Moving your office is a demanding and often stressful project, one that can easily get in the way of your work if you’re not careful. If, like most businesses, you can’t afford all that downtime, what can you do? Here, we’re going to look at how you stay productive and efficient during relocation, so it’s much easier to get back on the ball when the new office fit out is over.
Find the right time to schedule it
There are certain periods of the year where a little more downtime is already expected. This might include conference/trade show season or a pre-scheduled training session for the team. Look to see if there are any periods coming up where your team is already going to be partially or completely out of office and consider relocating then.
Manage it in phases
You don’t have to move everything all at once. Rather, this can increase your overall downtime, since there may be a period where no-one is working at all. Instead, consider moving it one department or even workstation at a time. That way, while the first team is being moved over, the other teams can keep working. By the time the last team has made the move, the other teams will be up and running on the other side.
Be flexible with your work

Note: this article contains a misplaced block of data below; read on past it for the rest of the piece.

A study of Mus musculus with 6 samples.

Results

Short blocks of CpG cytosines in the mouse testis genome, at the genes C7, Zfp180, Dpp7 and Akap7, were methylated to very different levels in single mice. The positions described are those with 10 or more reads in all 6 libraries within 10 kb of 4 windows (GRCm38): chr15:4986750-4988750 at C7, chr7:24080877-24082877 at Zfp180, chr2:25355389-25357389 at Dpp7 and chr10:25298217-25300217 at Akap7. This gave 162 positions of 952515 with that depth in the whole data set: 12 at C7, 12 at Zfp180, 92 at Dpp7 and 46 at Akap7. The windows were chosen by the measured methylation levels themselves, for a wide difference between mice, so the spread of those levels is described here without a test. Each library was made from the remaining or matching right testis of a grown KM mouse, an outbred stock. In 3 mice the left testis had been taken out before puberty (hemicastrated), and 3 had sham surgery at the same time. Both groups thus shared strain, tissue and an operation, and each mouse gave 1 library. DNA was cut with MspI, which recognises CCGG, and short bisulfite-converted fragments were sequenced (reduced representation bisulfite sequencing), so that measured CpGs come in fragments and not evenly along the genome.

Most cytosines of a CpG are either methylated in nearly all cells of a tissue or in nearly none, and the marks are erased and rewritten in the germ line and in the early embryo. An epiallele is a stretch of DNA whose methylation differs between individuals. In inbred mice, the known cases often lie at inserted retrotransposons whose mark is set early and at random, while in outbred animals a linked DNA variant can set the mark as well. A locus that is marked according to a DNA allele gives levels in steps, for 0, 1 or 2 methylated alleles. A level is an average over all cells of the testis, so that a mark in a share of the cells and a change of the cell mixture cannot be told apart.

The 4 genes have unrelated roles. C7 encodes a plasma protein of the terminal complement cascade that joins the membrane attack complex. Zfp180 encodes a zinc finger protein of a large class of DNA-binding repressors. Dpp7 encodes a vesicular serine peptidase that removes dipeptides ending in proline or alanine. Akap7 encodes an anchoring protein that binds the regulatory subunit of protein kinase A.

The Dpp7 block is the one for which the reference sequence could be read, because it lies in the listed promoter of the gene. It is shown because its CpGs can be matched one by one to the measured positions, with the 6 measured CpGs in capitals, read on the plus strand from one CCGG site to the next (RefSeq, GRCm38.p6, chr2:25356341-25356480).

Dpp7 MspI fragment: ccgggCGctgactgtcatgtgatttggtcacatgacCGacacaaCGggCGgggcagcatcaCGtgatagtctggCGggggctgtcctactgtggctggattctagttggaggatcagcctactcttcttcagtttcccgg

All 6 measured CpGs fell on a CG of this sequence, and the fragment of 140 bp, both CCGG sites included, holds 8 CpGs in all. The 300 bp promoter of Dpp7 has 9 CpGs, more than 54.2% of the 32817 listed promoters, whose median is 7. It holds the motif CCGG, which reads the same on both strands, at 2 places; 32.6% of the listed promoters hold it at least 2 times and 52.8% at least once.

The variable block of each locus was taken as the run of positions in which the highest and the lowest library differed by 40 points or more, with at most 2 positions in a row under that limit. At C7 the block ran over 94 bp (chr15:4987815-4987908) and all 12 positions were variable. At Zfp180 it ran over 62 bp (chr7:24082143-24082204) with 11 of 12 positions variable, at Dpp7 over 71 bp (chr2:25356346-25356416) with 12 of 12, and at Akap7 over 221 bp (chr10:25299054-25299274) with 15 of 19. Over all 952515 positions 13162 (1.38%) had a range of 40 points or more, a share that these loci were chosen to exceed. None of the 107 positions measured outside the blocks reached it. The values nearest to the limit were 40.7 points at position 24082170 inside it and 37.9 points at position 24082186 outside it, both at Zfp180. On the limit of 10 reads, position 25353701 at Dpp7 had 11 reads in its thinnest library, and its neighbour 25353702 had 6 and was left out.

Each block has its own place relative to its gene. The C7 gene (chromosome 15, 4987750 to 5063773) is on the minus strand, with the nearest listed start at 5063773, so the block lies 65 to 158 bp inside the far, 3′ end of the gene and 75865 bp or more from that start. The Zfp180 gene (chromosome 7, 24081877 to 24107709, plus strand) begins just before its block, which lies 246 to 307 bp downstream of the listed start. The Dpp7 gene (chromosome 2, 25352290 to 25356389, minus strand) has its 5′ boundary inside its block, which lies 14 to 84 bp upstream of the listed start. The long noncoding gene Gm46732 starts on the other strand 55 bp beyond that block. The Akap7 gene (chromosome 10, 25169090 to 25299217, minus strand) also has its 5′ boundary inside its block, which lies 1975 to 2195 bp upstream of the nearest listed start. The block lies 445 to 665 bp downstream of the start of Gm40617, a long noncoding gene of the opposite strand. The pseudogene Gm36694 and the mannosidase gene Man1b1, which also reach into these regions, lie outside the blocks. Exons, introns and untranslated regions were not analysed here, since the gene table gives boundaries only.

If the workspace or equipment your team needs to work is going to be unavailable for a time, let them use their own. You can adopt a temporary BYOD (or bring your own device) policy, so they can bring their own laptops to work while their regular computers are unavailable. Or you can let them work remotely from home. They might not have access to all the systems they regularly use, but they’re not cut off from work entirely.
Don’t go it alone
You want to minimise the amount of work that you and your team have to do directly during the relocation. It’s better to rely on professional movers and office fit out teams to handle the logistics of the move itself, so your team can continue to focus solely on their work. There are likely to be a lot fewer complaints or problems that your team isn’t used to sorting out this way.
Consider a temporary workspace
It can be a little more costly, but if a temporary remote working policy doesn’t work for your team, you can always consider renting out a temporary workspace. You can save on the costs of such a space by looking at co-working areas nearby.
Figure out what you can and can’t do
Losing access to your equipment, even temporarily, is likely to cut you off from some of the processes that you’re used to. Figure out, ahead of time, what resources, systems, and software you won’t be able to work with so you can instead identify other ways to keep the team productive and take care of other business.
Your move and new office fit out doesn’t have to slow your business down. With a little more planning, flexibility, and some help, you can keep the wheels of productivity turning all the way throughout.